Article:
Old 08-04-2012

An 18-month- old boy is taken to the emergency department because he has a fever and is irritable and lethargic. The mother says the boy was fine when he went to bed the night before. In response to questioning about drug allergies, she says that the boy recently had a severe hypersensitivity reaction to amoxicillin. Neurologic examination shows the obtunded infant to have marked nuchal rigidity. Cerebrospinal fluid (CSF) samples indicate an elevated white blood cell count with 85% polymorphonuclear leukocytes and a decreased level of glucose. Gram stain of the CSF shows numerous gram-negative encapsulated rods. Empiric therapy is begun. When culture and sensitivity results are available, the causative organism is found to be a β-lactamase–producing strain of Haemophilus influenzae. At this point, the most appropriate therapy for the patient would be

a) ampicillin
b) ceftriaxone
c) chloramphenicol
d) clindamycin
e) vancomycin
explain plz
Can't use ceftriaxone and ampicillin. Vancomycin doesnt cross the BBB(I forgot this ) . Chloramphenicol is a backup drug for meningitis
Can't use ceftriaxone and ampicillin. Vancomycin doesnt cross the BBB(I forgot this ) . Chloramphenicol is a backup drug for meningitis
to add.....vancomycin acts only on G+ve organisms so no action against H.influenze

All I knew you gave in question and left me with pharma stuff to deal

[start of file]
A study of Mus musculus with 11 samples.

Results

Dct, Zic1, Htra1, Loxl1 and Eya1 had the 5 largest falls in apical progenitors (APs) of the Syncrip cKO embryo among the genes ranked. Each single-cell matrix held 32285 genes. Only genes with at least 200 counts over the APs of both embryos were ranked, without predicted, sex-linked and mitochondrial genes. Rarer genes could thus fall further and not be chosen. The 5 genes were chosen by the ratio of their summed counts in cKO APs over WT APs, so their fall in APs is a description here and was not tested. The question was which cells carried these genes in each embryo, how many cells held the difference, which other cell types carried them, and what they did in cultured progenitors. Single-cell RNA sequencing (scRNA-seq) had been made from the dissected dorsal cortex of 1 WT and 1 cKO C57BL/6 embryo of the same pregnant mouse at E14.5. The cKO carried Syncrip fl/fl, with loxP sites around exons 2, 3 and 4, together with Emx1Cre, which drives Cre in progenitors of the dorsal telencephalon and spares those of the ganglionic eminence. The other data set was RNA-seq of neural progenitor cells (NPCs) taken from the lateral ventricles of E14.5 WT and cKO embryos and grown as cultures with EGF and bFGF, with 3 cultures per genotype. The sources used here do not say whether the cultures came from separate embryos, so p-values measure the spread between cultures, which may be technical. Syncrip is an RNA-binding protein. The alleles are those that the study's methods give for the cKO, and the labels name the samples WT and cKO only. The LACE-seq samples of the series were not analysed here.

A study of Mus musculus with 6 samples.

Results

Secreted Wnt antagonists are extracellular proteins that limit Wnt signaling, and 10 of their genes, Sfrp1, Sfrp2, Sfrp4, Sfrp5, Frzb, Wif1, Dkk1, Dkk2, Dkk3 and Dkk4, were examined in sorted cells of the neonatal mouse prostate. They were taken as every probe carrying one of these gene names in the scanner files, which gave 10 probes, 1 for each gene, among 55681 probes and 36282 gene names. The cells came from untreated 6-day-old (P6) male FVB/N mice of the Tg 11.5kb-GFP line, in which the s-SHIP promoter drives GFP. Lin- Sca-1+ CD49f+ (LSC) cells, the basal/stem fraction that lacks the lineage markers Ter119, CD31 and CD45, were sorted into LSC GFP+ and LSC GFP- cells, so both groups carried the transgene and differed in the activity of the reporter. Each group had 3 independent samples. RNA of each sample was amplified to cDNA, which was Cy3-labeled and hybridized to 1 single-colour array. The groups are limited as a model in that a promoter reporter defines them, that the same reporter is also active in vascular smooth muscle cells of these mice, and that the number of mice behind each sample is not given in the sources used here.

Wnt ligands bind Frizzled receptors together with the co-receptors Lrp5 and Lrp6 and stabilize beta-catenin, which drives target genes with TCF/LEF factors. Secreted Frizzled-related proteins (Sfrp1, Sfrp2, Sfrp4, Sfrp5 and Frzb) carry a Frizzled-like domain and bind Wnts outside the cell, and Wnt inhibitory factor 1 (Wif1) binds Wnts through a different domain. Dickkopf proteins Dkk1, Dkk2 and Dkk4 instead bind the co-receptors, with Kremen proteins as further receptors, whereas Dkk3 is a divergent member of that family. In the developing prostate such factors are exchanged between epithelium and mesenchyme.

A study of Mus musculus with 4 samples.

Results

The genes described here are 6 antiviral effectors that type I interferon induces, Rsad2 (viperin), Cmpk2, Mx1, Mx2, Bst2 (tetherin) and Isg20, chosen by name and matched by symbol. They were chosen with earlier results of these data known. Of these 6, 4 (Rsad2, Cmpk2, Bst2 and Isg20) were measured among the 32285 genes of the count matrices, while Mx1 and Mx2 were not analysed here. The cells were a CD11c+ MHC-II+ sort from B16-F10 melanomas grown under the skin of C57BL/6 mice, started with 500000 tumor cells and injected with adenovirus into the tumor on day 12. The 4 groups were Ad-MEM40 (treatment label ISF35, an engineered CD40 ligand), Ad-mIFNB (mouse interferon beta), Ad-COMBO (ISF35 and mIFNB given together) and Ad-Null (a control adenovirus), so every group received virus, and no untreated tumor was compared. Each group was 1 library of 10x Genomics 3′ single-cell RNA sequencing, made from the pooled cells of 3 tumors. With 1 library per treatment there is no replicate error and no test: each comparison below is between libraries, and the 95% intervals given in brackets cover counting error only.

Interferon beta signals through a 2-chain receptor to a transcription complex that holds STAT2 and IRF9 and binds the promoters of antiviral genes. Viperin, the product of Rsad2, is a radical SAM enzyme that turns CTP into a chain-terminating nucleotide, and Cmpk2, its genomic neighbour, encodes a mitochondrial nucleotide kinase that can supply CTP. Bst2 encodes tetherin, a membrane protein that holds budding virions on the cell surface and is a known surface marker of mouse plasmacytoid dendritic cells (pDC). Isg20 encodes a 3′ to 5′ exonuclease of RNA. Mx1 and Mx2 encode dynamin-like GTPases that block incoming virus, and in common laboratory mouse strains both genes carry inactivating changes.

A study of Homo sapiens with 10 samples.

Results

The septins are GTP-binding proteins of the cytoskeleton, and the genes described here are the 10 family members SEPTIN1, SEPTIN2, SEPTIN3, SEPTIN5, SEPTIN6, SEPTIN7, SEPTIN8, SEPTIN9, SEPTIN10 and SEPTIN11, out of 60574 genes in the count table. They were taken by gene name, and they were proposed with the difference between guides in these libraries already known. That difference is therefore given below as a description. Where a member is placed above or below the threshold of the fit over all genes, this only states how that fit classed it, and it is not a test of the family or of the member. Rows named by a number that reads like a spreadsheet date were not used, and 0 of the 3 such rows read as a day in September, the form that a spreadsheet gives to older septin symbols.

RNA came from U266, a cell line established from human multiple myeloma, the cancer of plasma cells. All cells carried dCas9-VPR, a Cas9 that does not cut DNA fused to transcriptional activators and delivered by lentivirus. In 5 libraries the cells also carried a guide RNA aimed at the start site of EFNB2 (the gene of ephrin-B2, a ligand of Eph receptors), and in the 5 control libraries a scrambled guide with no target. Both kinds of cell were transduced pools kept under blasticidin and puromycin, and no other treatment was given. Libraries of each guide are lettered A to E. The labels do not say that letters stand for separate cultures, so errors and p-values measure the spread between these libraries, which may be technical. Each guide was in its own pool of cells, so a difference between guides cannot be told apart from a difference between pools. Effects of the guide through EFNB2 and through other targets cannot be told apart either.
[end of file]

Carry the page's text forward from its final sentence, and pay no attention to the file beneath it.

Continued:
Anyways I also think as others it would be chloramphenicol .

a) ampicillin
b) ceftriaxone
c) chloramphenicol
d) clindamycin
e) vancomycin[/QUOTE]


I will die with B, due to dangerous of chloramphenicol with aplastic anemia in children by lacking the UDP-glucuronyl transferase(Mech. of action:Inhibition of 50S peptidyltransferase). Ceftriaxone, a 3rd generation of cephalosporins which mech. action is a Beta-lactam drug that inhibit cell wall synthesis, can use in meningitis and penetrate the BBB
what about "severe hypersensitivity reaction to amoxicillin", what would happen with a potential adverse efect in relation with penicillin alergy, "gray baby syndrom" It`s likely in premature babies owing Phase II Conjugation deficit, specifically in the glucoronizathion (cloranph and morfine), this big boy is 18 month old boy,, cloranph is freely permeable trought CNS

The answer is c) chloramphenicol

The patient’s initial clinical and laboratory findings were consistent with the diagnosis of bacterial meningitis. The patient’s medical history would preclude the use of a penicillin, so chloramphenicol would likely have been the choice for empiric therapy. When the organism was found to be a β-lactamase–producing strain of H. influenzae, chloramphenicol would have continued to be the most appropriate therapy, because it has good activity against β-lactamase–positive H. influenzae and has excellent penetration of CSF. This type of meningitis is rare due to immunization.

As for Ceftriaxone - a third-generation cephalosporin, would have been an appropriate choice only if the patient had not had a severe hypersensitivity reaction to a penicillin. There is a 5–12% risk of cross hypersensitivity to cephalosporins in patients who are hypersensitive to penicillins.